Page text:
NEW REPORT: Washington Receives "B" in Annual Report on Transparency of Government Spending

Washington received a “B” when it comes to government spending transparency, according to “Following the Money 2015: How the 50 States Rate in Providing Online Access to Government Spending Data,” the sixth annual report of its kind by the Washington Public Interest Research Group Foundation.


The Innovative Transportation Index

This report reviews the availability of 11 technology-enabled transportation services – including online ridesourcing, carsharing, ridesharing, taxi hailing, static and real-time transit information, multi-modal apps, and virtual transit ticketing – in 70 U.S. cities. It finds that residents of 19 cities, with a combined population of nearly 28 million people, have access to eight or more of these services, with other cities catching up rapidly.


Trouble in Toyland 2014

Among the toys surveyed this year, we found numerous choking hazards and five toys with concentrations of toxics exceeding federal standards. In addition to reporting on potentially hazardous products found in stores in 2014, this installment of the report describes the potential hazards in toys and children’s products.


The Dominance of Big Money in the 2014 Congressional Elections

In 2014, large donors accounted for the vast majority of all individual federal election contributions this cycle, just as they have in previous elections. Seven of every 10 individual contribution dollars to the federal candidates, parties, PACs and Super PACs that were active in the 2013-2014 election cycle came from donors who gave $200 or more. Candidates alone got 84 percent of their individual contributions from large donors.


Big Money Playing an Outsized Role in Washington Elections

In Washington’s congressional primaries, bigger wallets give a small set of mega-donors an outsized voice, according to new information released today by the WashPIRG Foundation and Demos. Just 259 donors who gave $1,000 or more to candidates in the primaries outspent the at least 6,233 small donors who gave less than $200, and 57% percent of all candidate contributions came from donors giving chunks of $1,000 or more.


New Report Released: Auctioning Democracy

Today WashPIRG Foundation and Demos released a new analysis of the funding sources for the campaign finance behemoths, Super PACs. The findings confirmed what many have predicted in the wake of the Supreme Court’s damaging Citizens United decision: since their inception in 2010, Super PACs have been primarily funded by a small segment of very wealthy individuals and business interests, with a small but significant amount of funds coming from secret sources.


New Report: Hundreds of WA Bridges Structurally Deficient

With President Obama calling for robust investments to repair America’s crumbling roads and bridges, the Washington Public Interest Research Group (WashPIRG) released data today documenting the number of “structurally deficient” bridges in Washington State.


Report Examines Whether High-Speed Rail Should Be Public, Private or Both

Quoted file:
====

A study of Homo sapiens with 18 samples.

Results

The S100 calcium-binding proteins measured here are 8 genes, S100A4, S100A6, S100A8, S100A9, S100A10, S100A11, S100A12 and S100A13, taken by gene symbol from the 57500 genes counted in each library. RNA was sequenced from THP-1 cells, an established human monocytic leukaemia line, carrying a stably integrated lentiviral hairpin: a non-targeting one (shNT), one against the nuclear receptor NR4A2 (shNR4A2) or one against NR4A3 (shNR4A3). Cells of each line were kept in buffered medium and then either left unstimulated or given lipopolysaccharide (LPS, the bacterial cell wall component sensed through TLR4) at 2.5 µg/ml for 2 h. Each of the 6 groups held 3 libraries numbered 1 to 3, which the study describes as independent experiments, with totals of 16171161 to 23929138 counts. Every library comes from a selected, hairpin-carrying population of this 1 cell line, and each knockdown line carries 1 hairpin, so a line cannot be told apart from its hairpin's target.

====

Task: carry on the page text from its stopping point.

The report comes at a time when Congress and state officials are debating future funding for high-speed rail, including upgrades to Amtrak’s 467-mile “Cascade Corridor” which connects Eugene, Portland, Seattle and Vancouver, BC. Meanwhile, the U.S. House Transportation and Infrastructure chair has proposed privatizing Amtrak with the hope of garnering private financing for new bullet trains along the Northeast. California is seeking private funds as part of a planned route connecting Los Angeles and San Francisco.


Report: Most Aging Baby Boomers Will Face Poor Mobility Options

The first baby boomers turn 65 years old this year and seniors in the Puget Sound area are in danger of being unable to get around. The largest generation in history, Boomers are also the most dependent on automobile travel. Yet by 2015, many seniors ages 65 and older in the Puget Sound area will live in communities with poor options for people who do not drive, according to a new report. Many metropolitan areas in Washington state will see over a 70% increase in the number of seniors without adequate access to transit since 2000.


Representation Without Taxation

Marking the second anniversary of the Supreme Court’s decision in the Citizens United vs. Federal Election Commission case, this report takes a hard look at the lobbying activities of profitable Fortune 500 companies that exploit loopholes and distort the tax code to avoid billions of dollars in taxes.


The 2011 Trouble in Toyland report is our 26th annual survey of toy safety. In this report, we provide safety guidelines for consumers when purchasing toys for young children and provide examples of toys currently on store shelves that may pose potential safety hazards.


Caution: Red Light Camera Ahead

Privatized traffic law enforcement systems are spreading rapidly across the United States. As many as 700 local jurisdictions have entered into deals with for-profit companies to install camera systems at intersections and along roadways to encourage drivers to obey traffic signals and follow speed limits.


Apples to Twinkies

America is facing an obesity epidemic – one that’s hitting children especially hard. Childhood obesity rates have tripled over the last three decades, with one in five kids aged 6 to 11 now obese.


Ten Reasons Why We Need the Consumer Financial Protection Bureau Now

This report outlines predatory financial practices that hurt consumers and helped collapse the economy, costing us eight million jobs, millions of foreclosed homes and trillions of dollars in lost home and retirement values. It explains these and other emerging problems as “10 Reasons We Need The Consumer Financial Protection Bureau Now.”